Are You Certain Heisenberg Said That?

With so many people misrepresenting what physicists say here on Science Blog and elsewhere on the net, I decided to reproduce a news release I got from the Center for the History of Physics of the American Institute of Physics. Its title: “Online Archive of Legendary Physicists in Their Own Words.”

What follows is a direct reproduction of that release. Enjoy!

Fred Bortz, author of Physics: Decade by Decade (Facts On File, Twentieth-Century Science reference set, 2007)

Online Archive of Legendary Physicists in Their Own Words
American Institute of Physics offers free, searchable archive of more
than 400 interviews for writers, scholars, and teachers


For more information:
Julie Gass
American Institute of Physics
[email protected]

College Park, MD (July 20, 2009) — A free online archive of hundreds
of historical interviews with the 20th century’s greatest physicists has
now been launched to aid the research of science writers, academic
scholars, teachers, and students. The resource, created by the American
Institute of Physics’ Niels Bohr Library & Archives, contains both
written transcripts and audio recordings of oral histories that date
back fifty years. This archive draws on four decades of interviews
conducted by the staff of AIP’s Center for History of Physics.

Want to know how cosmologist George Gamow felt about the term “big
bang,” the coining of which is commonly attributed to him? “I don’t like
the word ‘big bang.’ I never call it ‘big bang,’ because it is kind of
cliché,” he said in a 1968 interview available as an online sound clip.
The complete transcript of the interview, along with audio clips, is
available online. See:

The catalog contains a total of more than 3,000 hours of audio
recordings from 1,500 physicists and astronomers. Online transcripts of
these interviews are arranged alphabetically by name — from space
physicist Jules Aaron to Manhattan Project member Herbert York — and
can also be accessed through the site’s search engine. Researchers
looking into a particular field such as quantum physics or science
education can also search by topic.

“The archive includes interviews with the founders of quantum physics
and quantum mechanics like Niels Bohr, Dirac, and Heisenberg …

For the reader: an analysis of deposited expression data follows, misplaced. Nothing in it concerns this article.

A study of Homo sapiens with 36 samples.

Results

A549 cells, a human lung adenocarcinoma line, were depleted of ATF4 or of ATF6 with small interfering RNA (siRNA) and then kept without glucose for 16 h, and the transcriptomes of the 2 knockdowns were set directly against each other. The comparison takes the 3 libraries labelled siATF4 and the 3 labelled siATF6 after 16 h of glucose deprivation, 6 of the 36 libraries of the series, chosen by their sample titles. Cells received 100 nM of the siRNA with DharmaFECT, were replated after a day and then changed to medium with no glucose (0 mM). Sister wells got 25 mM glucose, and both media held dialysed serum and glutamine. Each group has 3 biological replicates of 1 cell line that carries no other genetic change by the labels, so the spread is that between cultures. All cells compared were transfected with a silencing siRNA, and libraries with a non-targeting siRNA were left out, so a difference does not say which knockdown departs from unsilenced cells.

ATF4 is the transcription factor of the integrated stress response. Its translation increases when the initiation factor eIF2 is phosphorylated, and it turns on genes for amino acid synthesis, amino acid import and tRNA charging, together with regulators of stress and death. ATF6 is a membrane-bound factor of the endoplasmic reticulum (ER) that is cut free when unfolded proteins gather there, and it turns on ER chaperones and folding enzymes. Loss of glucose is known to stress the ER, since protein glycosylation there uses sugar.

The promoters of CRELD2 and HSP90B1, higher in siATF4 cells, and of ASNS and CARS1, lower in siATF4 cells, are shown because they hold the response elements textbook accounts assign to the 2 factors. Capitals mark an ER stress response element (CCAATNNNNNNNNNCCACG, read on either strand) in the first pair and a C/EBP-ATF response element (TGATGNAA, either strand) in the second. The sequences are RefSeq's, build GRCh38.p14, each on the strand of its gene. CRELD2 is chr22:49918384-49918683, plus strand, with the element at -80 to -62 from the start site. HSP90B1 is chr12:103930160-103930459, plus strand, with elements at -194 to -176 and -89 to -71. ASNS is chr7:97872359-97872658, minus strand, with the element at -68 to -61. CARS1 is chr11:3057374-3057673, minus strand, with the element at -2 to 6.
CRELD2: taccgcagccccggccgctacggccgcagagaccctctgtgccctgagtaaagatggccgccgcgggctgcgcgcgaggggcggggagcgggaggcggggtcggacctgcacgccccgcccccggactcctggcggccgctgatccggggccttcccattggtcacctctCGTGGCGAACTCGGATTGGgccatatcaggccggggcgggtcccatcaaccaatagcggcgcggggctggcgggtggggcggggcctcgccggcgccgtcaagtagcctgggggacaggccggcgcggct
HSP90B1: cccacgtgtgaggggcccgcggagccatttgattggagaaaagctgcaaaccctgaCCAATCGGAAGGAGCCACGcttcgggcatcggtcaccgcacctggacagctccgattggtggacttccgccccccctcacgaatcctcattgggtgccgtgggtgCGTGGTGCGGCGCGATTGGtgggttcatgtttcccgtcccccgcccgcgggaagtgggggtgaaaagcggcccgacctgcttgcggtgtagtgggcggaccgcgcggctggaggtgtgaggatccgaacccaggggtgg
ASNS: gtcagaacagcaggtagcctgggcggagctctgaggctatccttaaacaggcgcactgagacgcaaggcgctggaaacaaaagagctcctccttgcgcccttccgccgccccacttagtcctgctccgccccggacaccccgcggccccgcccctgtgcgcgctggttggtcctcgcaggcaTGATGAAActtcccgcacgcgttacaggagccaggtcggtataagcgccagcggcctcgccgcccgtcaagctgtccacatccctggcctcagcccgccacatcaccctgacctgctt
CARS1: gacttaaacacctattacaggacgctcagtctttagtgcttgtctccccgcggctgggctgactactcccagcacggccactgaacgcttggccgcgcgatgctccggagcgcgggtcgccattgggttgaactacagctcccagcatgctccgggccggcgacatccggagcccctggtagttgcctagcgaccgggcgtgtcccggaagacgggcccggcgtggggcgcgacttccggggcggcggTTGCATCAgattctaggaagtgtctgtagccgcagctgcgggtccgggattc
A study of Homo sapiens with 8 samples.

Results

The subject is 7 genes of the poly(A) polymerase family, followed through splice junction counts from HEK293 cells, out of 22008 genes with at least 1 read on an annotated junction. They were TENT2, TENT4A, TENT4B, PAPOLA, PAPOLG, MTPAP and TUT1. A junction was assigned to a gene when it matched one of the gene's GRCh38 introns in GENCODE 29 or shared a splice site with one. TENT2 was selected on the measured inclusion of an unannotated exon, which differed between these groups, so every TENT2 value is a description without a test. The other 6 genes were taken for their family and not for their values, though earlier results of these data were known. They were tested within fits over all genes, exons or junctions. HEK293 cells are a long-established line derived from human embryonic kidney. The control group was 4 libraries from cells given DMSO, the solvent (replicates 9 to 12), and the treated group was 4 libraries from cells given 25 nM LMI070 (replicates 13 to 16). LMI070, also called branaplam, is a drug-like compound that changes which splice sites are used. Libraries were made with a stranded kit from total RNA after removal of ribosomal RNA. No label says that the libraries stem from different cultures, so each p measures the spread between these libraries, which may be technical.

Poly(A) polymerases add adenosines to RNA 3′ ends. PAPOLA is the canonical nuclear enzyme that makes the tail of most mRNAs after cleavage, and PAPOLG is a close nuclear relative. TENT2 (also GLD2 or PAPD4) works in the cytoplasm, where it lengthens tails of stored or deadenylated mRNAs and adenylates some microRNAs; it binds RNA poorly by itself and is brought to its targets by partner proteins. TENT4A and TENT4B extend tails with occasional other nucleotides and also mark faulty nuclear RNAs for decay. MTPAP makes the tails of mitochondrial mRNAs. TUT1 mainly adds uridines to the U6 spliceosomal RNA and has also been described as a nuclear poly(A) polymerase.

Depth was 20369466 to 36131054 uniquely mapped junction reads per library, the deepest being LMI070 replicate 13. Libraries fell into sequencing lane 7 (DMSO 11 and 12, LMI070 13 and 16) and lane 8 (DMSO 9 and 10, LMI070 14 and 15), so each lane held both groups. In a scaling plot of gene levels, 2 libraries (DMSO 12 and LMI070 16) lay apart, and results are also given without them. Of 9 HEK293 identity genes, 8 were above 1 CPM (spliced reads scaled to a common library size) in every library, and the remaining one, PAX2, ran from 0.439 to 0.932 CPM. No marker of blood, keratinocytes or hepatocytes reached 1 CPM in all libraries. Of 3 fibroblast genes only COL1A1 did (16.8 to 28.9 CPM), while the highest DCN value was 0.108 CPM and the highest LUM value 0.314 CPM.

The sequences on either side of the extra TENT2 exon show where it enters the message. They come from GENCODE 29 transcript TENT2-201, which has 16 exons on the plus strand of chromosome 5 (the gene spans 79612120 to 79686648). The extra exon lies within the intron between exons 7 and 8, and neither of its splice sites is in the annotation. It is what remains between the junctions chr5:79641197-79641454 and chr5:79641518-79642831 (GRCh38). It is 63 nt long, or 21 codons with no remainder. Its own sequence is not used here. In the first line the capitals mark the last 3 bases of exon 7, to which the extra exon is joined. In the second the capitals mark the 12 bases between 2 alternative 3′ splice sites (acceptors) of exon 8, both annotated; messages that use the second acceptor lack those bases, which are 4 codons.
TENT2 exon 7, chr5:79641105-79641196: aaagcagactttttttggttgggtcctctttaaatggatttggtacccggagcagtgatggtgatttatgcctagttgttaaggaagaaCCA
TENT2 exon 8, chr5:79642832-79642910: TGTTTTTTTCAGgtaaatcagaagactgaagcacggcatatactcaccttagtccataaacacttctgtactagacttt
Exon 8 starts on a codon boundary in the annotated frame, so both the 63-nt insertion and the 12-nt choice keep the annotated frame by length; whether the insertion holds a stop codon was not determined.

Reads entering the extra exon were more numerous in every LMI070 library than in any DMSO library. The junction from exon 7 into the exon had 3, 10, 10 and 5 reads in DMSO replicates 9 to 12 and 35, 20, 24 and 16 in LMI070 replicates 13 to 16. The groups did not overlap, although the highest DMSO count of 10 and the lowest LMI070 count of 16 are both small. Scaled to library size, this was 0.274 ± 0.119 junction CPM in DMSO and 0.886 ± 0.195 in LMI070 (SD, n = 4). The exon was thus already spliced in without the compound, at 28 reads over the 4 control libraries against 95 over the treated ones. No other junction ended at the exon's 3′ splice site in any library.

virtually all of the major figures who were still alive in 1960s,” said
Joe Anderson, director of the Niels Bohr Library & Archives. Other
topics that are covered extensively include nuclear and solid state
physics, laser science, modern astrophysics and astronomy, and
industrial physics.

Select sound clips from the oral histories, featuring the voices of the
scientists themselves, are also offered on the site. The complete
recordings are available by request at the library itself, which also
holds a collection of over 30,000 historical photographs, as well as an
extensive catalog of books and manuscripts.

The online archive and Web site are made possible by a two-year grant
from the National Endowment for the Humanities.

Relevant links:

Main Oral History Site: http://www.aip.org/history/nbl/oralhistory.html

Search Form:

Niels Bohr Library & Archives:


About the Niels Bohr Library & Archives

The Niels Bohr Library & Archives and the Center for History of Physics
are part of the American Institute of Physics with the mission to help
preserve and make known the history of modern physics and allied
The Library & Archives is housed in a specially designed,
environmentally-controlled space in the American Center for Physics in
College Park, MD. In-house holdings include an outstanding collection of
textbooks, monographs, biographies, and related publications, dating
mostly from ca. 1850-1950; over 30,000 photographs and other images;
approximately 1,000 oral histories with many of the outstanding figures
in the covered fields; and archival records of AIP and its Member
Societies along with other archival records and personal papers of a
select number of scientists. All are indexed online.

The Niels Bohr Library & Archives was created through the generosity of
Dannie Heineman, and is sustained by the general funds of the American
Institute of Physics and by tax-deductible donations to the Friends of
the Center for History of Physics and its Endowment Fund.

About the American Institute of Physics

American Institute of Physics is a federation of 10 physical science
societies representing more than 135,000 scientists, engineers, and
educators and is one of the world’s largest publishers of scientific
information in physics. Offering full-solution publishing services for
scientific societies and for similar organizations in science and
engineering, AIP pursues innovation in electronic publishing of
scholarly journals. AIP publishes 12 journals (some of which are the
most highly cited in their respective fields); two magazines, including
its flagship publication Physics Today; and the AIP Conference
Proceedings. Its online publishing platform Scitation hosts nearly two
million articles from more than 185 scholarly journals and other
publications of 28 learned society publishers.